Cold Case: Missing Woman Case Reopened After 30 Years

Around Arkansas
MAGNOLIA, AR — It’s been four months since real estate agent Beverly Carter’s murder. As the investigation played out, many Arkansans recognized the similarities between Carter’s case and a decades old case in Magnolia.

“I remember like it was yesterday, where I was working and where we heard it on the radio,” Magnolia resident Hal Jean said.

Planted on nearly every street of a southwest Arkansas city is someone who knows something about a missing woman from Magnolia.

“It’s given me a lot of sleepless nights, trying to keep going with it,” Columbia County Sheriff Mike Loe said.

Since 1979, Sheriff Loe has made it his mission to find out what happened to his college classmate Mary Jimmie “Bobo” Shinn.

“I think this is the only case out of all of my career that I’ve been personally attached to. This one, this one hit home,” he said.

The 25 year old never came home after showing a house she renovated to a potential buyer on July 20, 1978. Her abandoned car was later found in what used to be a Smitty’s grocery store parking lot. Loe says investigators’ initial work was thorough, yet officials never named a suspect, and more than 30 years later the Magnolia mystery still stands.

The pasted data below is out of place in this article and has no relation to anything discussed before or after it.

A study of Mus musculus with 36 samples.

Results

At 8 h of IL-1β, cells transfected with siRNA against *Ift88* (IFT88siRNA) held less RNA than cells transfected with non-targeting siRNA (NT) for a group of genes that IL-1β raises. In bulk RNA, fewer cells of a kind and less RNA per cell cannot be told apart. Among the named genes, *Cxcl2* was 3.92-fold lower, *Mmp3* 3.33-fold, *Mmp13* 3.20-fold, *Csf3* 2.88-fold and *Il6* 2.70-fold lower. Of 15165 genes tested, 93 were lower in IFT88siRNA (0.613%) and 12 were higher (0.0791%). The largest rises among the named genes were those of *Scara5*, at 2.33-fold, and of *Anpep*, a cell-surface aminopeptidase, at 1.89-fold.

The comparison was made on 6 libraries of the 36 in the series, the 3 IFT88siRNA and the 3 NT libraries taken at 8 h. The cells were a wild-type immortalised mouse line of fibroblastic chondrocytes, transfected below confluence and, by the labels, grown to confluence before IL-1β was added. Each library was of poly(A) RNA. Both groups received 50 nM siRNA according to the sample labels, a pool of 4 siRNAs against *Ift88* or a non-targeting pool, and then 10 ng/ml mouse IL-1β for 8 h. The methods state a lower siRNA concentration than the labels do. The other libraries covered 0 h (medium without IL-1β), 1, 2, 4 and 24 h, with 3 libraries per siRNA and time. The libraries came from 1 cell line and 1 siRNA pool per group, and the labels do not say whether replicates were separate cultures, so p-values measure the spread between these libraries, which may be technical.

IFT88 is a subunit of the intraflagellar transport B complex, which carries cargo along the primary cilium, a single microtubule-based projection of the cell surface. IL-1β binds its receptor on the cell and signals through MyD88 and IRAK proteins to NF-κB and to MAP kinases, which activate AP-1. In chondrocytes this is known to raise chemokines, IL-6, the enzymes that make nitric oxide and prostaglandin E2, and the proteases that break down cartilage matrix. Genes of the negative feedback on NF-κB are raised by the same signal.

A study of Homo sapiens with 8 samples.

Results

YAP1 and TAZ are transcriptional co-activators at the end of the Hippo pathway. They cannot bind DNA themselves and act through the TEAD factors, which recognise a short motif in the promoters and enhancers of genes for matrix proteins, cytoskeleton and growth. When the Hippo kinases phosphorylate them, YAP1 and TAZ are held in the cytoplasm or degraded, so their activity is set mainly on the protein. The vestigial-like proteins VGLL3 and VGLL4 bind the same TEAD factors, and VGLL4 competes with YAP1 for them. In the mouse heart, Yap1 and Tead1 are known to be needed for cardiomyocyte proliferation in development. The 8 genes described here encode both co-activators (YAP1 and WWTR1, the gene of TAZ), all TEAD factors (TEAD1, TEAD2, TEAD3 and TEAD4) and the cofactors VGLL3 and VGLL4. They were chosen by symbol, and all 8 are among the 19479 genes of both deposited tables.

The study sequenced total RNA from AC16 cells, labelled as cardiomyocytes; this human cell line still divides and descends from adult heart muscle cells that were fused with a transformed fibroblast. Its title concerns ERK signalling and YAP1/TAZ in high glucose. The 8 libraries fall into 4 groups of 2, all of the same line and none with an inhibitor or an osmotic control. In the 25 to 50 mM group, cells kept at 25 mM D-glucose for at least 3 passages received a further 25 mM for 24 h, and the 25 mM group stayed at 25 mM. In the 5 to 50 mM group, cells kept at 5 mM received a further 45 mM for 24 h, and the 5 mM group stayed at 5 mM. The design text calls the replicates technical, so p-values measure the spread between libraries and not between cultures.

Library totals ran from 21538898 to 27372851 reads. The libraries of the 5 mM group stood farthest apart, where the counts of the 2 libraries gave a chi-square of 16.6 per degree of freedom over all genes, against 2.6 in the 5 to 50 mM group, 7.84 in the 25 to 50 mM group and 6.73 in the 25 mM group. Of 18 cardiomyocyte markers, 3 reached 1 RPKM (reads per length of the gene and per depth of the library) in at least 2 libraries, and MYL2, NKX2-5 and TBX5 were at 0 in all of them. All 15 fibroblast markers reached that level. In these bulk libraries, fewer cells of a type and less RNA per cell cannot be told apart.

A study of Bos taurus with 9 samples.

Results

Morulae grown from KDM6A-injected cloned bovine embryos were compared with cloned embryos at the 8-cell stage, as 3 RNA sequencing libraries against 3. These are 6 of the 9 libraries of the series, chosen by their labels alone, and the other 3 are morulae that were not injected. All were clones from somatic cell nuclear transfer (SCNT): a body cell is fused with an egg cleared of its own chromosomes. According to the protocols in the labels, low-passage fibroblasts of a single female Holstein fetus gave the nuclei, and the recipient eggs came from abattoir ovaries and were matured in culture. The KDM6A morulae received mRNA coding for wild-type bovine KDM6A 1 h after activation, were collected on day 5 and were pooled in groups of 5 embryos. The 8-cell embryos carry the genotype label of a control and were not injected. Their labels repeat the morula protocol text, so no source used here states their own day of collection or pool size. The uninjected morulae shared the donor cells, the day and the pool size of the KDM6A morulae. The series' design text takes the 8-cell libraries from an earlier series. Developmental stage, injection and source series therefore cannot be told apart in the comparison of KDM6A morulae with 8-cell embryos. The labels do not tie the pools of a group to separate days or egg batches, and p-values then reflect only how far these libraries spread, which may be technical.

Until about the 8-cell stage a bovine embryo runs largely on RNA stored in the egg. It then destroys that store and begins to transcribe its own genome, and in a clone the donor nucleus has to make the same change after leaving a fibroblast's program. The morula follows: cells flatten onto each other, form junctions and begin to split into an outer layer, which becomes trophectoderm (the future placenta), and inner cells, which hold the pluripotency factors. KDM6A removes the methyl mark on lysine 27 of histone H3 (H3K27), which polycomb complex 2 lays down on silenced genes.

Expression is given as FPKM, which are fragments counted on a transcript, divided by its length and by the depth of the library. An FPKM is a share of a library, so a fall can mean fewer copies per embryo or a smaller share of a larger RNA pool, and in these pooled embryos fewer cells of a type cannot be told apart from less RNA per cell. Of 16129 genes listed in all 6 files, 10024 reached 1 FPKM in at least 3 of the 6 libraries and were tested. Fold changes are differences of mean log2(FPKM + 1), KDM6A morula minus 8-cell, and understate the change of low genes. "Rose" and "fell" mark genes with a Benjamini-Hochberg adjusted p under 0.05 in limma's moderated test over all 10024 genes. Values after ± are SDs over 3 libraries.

“It’s been something the community that it’s been a loss,” Jean said.

But during those decades, Loe has never left the case. The evidence files are still fixtures in his office. “There’s an answer to everything,” he said. “We sat down, looked at the case file and decided to start over.”

Loe and a trio of investigators are starting over from scratch. “Start reinterviewing people, start checking leads, that maybe the early investigators didn’t check that we maybe know a little bit about now.”

For the first time, the findings will be sent to the F.B.I’s behavioral science unit that specializes in criminal profiling.

“We’ve identified a couple of areas that you really can’t go in to today that wasn’t done… hat got overlooked.”

The federal resources are what this longtime sheriff says could lead him to answers he’s been searching for the last three decades and possibly fulfill the final assignment in law enforcement.

“My hope is that I can resolve this before I go home,” he said.

Leaving no lead overlooked and no leaf unturned.